After dominating the headlines for the past week, initial outrage over the horse meat scandal subsided (somewhat) this week, and with precautionary measures in place, the industry can now start to assess the longer-term actions that must be taken.

It is important that they take their time. Increased DNA testing is certain to be near the top of the agenda - and TV stations as well as supermarket chains have reportedly inundated laboratories with follow-up test requests - but as we explain, the case for extensive DNA testing is not only hugely expensive, but far from straightforward.

DNA testing is a crowd pleaser. And consumers are unlikely to accept, right now, a defence based on received wisdom surrounding otherwise excellent standards set by the industry, any more than they can be expected to react with equanimity (or equinimity) to complex risk management assessments.

“The case for extensive DNA testing is not only hugely expensive, but far from straightforward”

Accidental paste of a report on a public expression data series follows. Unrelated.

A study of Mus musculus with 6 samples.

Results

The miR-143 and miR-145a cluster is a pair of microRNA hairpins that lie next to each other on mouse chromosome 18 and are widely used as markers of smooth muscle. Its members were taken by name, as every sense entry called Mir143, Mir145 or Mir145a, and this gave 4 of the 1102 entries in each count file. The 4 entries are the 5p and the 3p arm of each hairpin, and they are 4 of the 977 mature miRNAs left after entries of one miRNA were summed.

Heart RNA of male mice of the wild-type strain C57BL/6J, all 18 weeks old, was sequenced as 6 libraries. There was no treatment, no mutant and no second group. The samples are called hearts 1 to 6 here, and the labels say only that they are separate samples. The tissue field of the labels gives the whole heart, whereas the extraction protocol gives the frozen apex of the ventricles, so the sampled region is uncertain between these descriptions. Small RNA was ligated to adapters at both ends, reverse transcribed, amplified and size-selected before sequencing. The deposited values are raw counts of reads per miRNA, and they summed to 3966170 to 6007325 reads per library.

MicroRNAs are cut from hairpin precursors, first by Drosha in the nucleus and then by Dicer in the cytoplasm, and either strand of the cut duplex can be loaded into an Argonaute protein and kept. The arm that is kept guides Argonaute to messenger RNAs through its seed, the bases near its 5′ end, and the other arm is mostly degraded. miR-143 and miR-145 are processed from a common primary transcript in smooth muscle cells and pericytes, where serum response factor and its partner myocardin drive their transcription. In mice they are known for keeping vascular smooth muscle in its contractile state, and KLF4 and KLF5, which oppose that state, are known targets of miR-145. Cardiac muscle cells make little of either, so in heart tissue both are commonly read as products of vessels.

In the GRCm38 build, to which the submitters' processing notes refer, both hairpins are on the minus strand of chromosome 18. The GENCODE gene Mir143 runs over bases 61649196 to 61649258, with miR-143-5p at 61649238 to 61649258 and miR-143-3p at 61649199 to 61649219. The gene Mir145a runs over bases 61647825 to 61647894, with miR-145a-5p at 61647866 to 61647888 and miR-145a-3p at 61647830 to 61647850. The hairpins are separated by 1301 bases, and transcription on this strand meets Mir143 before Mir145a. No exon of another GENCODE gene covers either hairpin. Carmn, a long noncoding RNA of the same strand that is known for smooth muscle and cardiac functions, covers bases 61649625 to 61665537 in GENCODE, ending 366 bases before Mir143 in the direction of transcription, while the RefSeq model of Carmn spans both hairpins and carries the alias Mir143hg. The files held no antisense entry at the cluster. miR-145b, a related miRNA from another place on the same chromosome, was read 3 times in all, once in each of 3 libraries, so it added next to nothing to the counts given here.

Adam Leyland, Editor

On the other hand, consumers would find it every bit as distasteful if the cost of meat were to rise significantly in order to guarantee even the most miniscule traces of rogue DNA were eliminated. Rather than rushing into extensive commitments, this is a time for the industry to hold its nerve. As the investigations continue, it may turn out there is a place for more systems and checks and risk control procedures. But the industry can’t be expected to test everything. DNA is at best a starting point. It is certainly not the whole solution.

In the meantime, there’s evidently been more industry head-scratching over a solution to the no-less-costly minimum alcohol pricing proposals. But the situation could not be more different. With several industry big hitters finally uniting behind a new campaign next week to try to ‘kill’ the government’s plans, the ‘Why Should We Pay More?’ campaign will come just nine days before the consultation ends. And while there may still be some time before the government publishes its official response in April, there’s currently nothing like the sense of public outrage over minimum pricing that greeted pastygate, let alone horsegate. Or to put it another way, there’s a lot riding on this campaign to, er, whip up support.